One suggestion: Open the Door. The open door is an invitation to explore. Get them out while they are young.
Remove the obstacles. Make an attempt to abandon the impediments: TV, computer, iphone, ipad, i-(fill-in-the-blank). And please, find the time, make time to join them. Strengthen you parent-child bond.
Surrounded by a quiet, natural setting, children will come alive with their inherent curiosity. Let them be spontaneous. Follow their interests. Stimulate the use of their senses. Slow down. Look. Listen. Learn.
"I go to nature to be soothed and healed, and to have my senses put in tune once more." John Burroughs
Twice in the past four years, I have read this book from our Kent District Library, (KDL) and last week our dear daughter Sarah gifted me with my own copy. It included her "Dear Daddy" dedication inside. Thank you Sarah! The book: Last Child in the Woods (Saving Our Children From Nature Deficit Disorder) by Richard Louv. c2005, c2008. (Last Child)Louv was the recipient of the 2008 Audubon Medal.
Please allow me to present several excerpts, for they enumerate a prevailing theme throughout Louv's book:
- Why do so many Americans say they want their children to watch less TV, yet continue to expand the opportunities for them to watch it? p.63
- There is a real world beyond the glass, for children who look, for those whose parents encourage them to truly see. p.64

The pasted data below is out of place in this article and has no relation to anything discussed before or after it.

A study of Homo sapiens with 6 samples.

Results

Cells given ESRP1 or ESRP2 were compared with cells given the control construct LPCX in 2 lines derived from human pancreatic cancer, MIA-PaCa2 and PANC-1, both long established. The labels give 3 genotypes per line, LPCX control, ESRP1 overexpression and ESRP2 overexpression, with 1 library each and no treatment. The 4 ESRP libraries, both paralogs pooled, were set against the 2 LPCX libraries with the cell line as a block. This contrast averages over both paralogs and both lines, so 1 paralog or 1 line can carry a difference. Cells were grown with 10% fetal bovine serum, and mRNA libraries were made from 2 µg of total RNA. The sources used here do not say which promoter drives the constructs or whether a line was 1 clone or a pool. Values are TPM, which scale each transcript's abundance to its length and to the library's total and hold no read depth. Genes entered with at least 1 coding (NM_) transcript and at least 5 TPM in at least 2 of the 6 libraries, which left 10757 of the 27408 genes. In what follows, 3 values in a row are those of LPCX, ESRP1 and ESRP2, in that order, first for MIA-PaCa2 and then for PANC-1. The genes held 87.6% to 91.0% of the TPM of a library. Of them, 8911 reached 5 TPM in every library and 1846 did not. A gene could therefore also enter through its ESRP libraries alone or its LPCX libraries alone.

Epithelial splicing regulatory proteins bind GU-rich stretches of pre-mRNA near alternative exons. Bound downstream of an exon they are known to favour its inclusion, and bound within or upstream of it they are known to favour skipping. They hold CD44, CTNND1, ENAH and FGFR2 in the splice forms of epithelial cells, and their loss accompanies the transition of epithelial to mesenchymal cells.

- Children need nature for the healthy development of their senses, and, therefore, for learning and creativity. p.54
- ...natural settings are essential for healthy child development because they stimulate all the senses and integrate informal play with formal learning. p.85
- ...multisensory experiences in nature help to build the cognitive constructs necessary for sustained intellectual development, and stimulate imagination... Natural spaces... serve as the medium of inventiveness and creativity. (Robin Moore) p.87
- Children learn about the rain forest, but usually not about their own region's forests, or even just the meadow outside the classroom door. (David Sobel) p.135
"If a child is to keep alive his inborn sense of wonder, he or she needs the companionship of at least one adult who can share it, rediscovering with him the joy, excitement, and mystery of the world we live in." Rachel Carson
Finally, Richard Louv writes about his own two sons, now grown into men:
I feel a sense of pride and relief that they have grown well, and a deep grief that my years as a parent of young children is over, except in memories. And I am thankful. The times I spent with my children in nature are among my most meaningful memories-- and I hope theirs.
When you spend time outdoors with your kids when they are young, most likely they will want to continue the adventures when they too become adults. See Rich, Mary and Sarah hiking at this famous location.
Every Father's Day, Sarah creates a loving, hand-made, personalized card for me. A special photograph of when she was my little girl usually makes the cover page. Of course these photos bring tears to my eyes. Or it may be a more recent photo like when I'm carrying Sarah (now in her 30s) piggy-back, as I wade across the Platte River in Northwest Michigan.
The best part however, is the loving message she writes on the inside of the card. It comes from deep inside her heart, and reaches deep into mine. Her words linger... the memories endure.
This photograph is our sweet Sarah at Lake Michigan, when she came from California to visit her "Mommy and Daddy" at Christmas. She strikes her "Thank you God for a wonderful day!" response.